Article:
The reclusive sorceress

BY CHANDRIKA KONWAR

Ebony iridescence flirting with her obscure silhouette titillates the delusional new moon. One glance at her umber face with warm undertones spawns desires of a distant dream. She has an aura about her, enigmatic and dauntless, and that explains her curt demeanour. Her deep brown eyes tainted with mosaic sclera instilled cryptic fears in the debilitated but an unwavering attitude and healing prowess saw her through different colours of life. She is the live narration of a saga that speaks not of love, heartache or exploit, but there is a story to tell, the story of her life.

She spats on the cold hard floor of my house as she recalls that unfortunate night when they rechristened her dayni (witch) in a flash. She sublimed from the revered local apothecary “ojha” into an evil sorceress and everything she had built around her in all the bygone years of life tumbled and crashed within seconds. Her eyes still grieve in disbelief of that moment but her pallour didn’t give way to any emotions. She vehemently contained herself and proceeded to narrate her story. ‘It all started when the man of the house beside mine harboured a deep wound while working in the woods. The callous man didn’t tend to his wound and continued working tirelessly day after day.

Soon after the wound caught a deathly infection and the poor fellow took to his bed. His family tried a lot of things but there were no signs of recovery. His vitals were dropping very fast and when every tactic failed them one of his brothers came to me for help. I am the unofficial bej of the village. Local apothecary runs in my family and I brought my share of knowledge about the local herbs and medicines when I was married into this village. I have cured many ailments till date but that man was already on his death bed when they asked for my help. I warned them about the same but they forced me to give him some medicine. After a few days it became evident that the poor fellow is dying. One day in the middle of the night, his notorious brothers created a commotion and gathered the entire neighbourhood outside my house. First, they started blaming me for my inefficiency as an ojha and then they recounted my reluctance to treat their ailing brother. According to them I was feeding on his blood for my evil sorcery and everything that had happened to him was a due part of my black magic. I had jinxed their house with my aphotic shadow.

As the crowd started abusing me, someone proclaimed that this wretch should be thrown out of the village; she is a dayni. In the very next moment, almost the entire village was ramming my small world with the chants of Dayni! Dayni! Dayni! I wanted to go out and defend myself but my daughter begged me not to open the door. I saw the fear of death in her eyes and I realized now is not the right time. Rumours and stories spread faster than fire and eventually everyone I had ever known deserted me. No one even bothered to listen to my version of the story let alone believe me. It has been more than a year now and the right time hasn’t come. All this while I have prayed for death more than they have.’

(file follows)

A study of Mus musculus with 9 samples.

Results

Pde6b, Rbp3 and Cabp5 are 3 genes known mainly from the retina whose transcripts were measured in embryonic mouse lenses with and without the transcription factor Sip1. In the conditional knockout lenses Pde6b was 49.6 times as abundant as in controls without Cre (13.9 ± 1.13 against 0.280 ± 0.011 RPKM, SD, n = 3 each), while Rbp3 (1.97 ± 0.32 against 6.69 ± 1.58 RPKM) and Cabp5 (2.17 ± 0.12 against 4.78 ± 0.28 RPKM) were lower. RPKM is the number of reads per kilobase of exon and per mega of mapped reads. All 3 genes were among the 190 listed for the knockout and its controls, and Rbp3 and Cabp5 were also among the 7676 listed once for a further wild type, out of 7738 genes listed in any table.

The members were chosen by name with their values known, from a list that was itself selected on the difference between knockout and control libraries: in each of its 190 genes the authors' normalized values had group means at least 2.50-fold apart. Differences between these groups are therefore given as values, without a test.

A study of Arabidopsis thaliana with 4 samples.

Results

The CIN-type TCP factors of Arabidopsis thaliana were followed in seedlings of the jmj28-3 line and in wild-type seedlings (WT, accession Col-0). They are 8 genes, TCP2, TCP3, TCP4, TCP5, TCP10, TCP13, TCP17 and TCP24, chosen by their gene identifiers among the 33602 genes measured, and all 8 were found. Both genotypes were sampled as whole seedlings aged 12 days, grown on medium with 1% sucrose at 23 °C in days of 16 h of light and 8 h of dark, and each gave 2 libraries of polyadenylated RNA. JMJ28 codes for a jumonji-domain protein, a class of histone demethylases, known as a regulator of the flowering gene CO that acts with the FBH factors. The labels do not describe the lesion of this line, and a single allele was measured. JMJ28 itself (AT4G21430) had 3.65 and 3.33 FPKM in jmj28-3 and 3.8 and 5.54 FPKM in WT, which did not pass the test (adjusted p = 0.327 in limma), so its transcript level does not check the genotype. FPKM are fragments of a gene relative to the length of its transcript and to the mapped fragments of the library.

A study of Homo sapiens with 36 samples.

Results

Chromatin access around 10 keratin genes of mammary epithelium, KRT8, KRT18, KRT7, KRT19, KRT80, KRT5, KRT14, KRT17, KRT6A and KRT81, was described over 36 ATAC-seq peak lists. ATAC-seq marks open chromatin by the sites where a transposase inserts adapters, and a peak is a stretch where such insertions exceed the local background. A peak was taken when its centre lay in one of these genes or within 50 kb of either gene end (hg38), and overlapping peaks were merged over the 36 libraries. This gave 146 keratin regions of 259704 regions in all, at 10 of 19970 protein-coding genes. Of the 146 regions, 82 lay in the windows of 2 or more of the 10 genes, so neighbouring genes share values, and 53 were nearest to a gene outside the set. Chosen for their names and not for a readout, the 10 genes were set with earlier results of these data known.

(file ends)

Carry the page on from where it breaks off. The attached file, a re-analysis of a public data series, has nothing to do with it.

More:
Long buried emotions welled up in her eyes but she wept with profound dignity. She choked on her words as she proceeded to speak further. After a brief pause she continued again, ‘There have been numerous attempts on my life since that night. My husband rescued me twice but one other time they   put a dagger on my neck compelling me to accept that I am a dayni. I gave in but my daughter never gave up; she fought for my life in front of the entire village, the headman and the police. She has left no stone unturned to ensure my safety. If I still walk this earth, it is only because of her grit, determination and faith. May the almighty bless every parent with such a daughter!’ She beamed with pride as she wrapped up her story, a true case of witch hunting.

Witch hunting has been trending on our newsfeed for some time now. We all know that lack of education and illogical superstitious beliefs are at play but what are we doing about it? A life saved is a life well lived. Can we transcend our education into concrete actions? Awareness is the best weapon to fight the evils intricately woven into the beliefs of people. Educating and empowering our domestic help, their families and neighbourhood is a good start against this social menace. In this way, the perils of witch hunting shall perish before it finds ground.  

Chandrika Konwar

Chandrika Konwar

Chandrika Konwar is a final year student of Daulat Ram College, Delhi University. She hails from Assam. She loves travelling, exploring and experimenting with new things. Writing is her window to the world. She believes that knowledge is power and it is her dream to spread awareness about everything under the sun through the medium of words.